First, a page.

The Hope Station House is one step closer to being saved.
Ryan Ellan, manager of the Sunshine Valley Tashme Museum, ran a proposal by council at Monday night’s meeting that they agreed with. The proposal includes potential funding, a governance model, timelines for moving and operations, and more.
Ellan and Laura Saimoto put the proposal together over the past three weeks, separate from the coalition but with their input and support, Ellan told The Standard.
He said the Tashme Museum stepped in about a month and a half ago, believing the Tashme Historical Society’s track record and relationships with the provincial government and other historical organizations gave them a chance to succeed where the fledgling coalition could not.
The proposal would see the society purchase the Station House and relocate it to Water Avenue where it would be rehabilitated. The District of Hope approved a 10-year lease agreement for the building, which would house AdvantageHope, a museum and a combination of businesses. One of the proposed businesses is an e-bike rental shop.
“It’s been a whirlwind three weeks,” Ellan said with a chuckle. “We reached out to our connections and gathered around 62 support letters, including from the Canadian National Museum in Ottawa, the National Trust of Canada and Fraser Valley Regional District. And we are very humbled to have the Chawathil First Nations support.”
Nearly $1.4 million in potential funding has been identified that would not only save the Hope Station House, but get it operating as a viable tourist attraction.
“A huge amount of credit goes to the Coalition for the Preservation of the Hope Station House,” Ellan said. “They have been just relentless, investing an amazing amount of energy over the last year trying to save that building.”
While the proposal is finely detailed and includes many ideas for the building’s future, there is a note that it is a rough proposal of governance that will evolve with more discussion.
“[It] tells the shared story of built and cultural heritage of B.C.’s evolution; repurposes space for functional and sustainable community use to become the ‘Gateway to our stories, old and new’ as a major heritage tourist and community hub,” the proposal says.
One of the objectives is to “tell the balanced story of B.C.’s shared history, integrating colonial settler history with Japanese Canadian, Chinese Canadian, First Nations legacies.”
“It’s a very special building to the Tashme Historical Society and the Japanese-Canadian community, because it is the only building in Hope that has direct history with the Japanese internment during the Second World War,” Ellan said. “Over 8,000 Japanese-Canadians stepped off trains at the Station House and were either transferred to Tashme or shipped out to other internment sites across B.C.”
The proposal is intended to ensure long-term structural, operational and financial sustainability, but Monday night’s nod to the plan is only the first of many steps that need to be taken to see the plan to fruition. The District is providing a ‘letter of intent’ that will be part of a BC 150 Time Immemorial grant application. The station house is eligible for up to $500,000 in funding.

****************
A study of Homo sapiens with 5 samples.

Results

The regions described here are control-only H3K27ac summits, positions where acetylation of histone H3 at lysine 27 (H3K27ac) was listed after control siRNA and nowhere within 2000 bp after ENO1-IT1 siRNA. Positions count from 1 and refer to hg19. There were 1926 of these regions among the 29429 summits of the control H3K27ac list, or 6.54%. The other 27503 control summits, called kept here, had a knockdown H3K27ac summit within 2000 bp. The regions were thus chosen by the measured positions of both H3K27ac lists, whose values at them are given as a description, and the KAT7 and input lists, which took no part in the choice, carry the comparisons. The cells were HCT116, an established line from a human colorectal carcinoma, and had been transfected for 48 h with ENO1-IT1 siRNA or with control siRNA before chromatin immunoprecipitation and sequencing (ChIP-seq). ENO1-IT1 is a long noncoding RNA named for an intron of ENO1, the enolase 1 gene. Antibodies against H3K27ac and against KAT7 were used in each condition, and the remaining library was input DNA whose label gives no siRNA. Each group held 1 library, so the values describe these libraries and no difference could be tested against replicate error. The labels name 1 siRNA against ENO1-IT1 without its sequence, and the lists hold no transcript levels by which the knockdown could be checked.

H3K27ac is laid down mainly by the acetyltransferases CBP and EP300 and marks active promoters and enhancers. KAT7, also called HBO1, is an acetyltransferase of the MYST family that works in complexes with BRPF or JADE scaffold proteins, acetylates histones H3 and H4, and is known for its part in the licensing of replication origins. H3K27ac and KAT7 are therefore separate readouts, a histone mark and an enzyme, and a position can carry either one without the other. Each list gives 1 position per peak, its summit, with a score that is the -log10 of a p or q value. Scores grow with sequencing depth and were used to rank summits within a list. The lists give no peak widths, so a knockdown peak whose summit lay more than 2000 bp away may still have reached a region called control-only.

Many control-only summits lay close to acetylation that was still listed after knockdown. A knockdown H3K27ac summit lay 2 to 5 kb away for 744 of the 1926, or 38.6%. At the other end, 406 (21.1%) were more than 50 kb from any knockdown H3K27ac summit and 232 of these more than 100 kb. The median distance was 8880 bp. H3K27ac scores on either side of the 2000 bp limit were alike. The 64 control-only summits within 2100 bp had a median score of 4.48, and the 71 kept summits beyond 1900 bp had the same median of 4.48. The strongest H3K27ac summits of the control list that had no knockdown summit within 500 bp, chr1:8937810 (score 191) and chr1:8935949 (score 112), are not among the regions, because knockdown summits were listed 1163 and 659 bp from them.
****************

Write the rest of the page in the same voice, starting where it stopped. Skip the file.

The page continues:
The grant is due Dec. 24, 2021.
Ellan said it’s far from a slam dunk that their application is approved. If it is approved, it may not be for the full $500,000 and they expect to find out in mid-February.
“We are working as hard as we can on that grant application behind the scenes right now, and we are looking at this project as a series of hurdles in front of us that we will tackle one at a time,” Ellan said. “But the District of Hope has shown a huge amount of faith in the Tashme Historical Society.
“They want to save that building and they proved that.”
Councillors Craig Traun and Victor Smith voted against the motion for the letter of intent. Smith said he doesn’t support it because it strays from the Facilities Master Plan, and is too last minute. Traun said he had more questions that would take some time to answer.
Coun. Heather Stewin said she was reminded that council is there to serve the district, and she sees overwhelming support to save the building.
“I’m terrified but I’m willing,” she said with a laugh.
“This plan is the best we’ve seen,” said Coun. Scott Medlock. “If decisions aren’t made, nothing happens. This is the right thing to do to give this building a chance at some life.”
Coun. Dusty Smith also spoke strongly in favour of the proposal.
“If we can make something great happen in this town, which I think Ryan and his team cam do, I think we should,” he said.
Mayor Peter Robb did not vote on the matter, and Coun. Bob Erickson did not participate in the meeting.
Want to support local journalism during the pandemic? Make a donation here.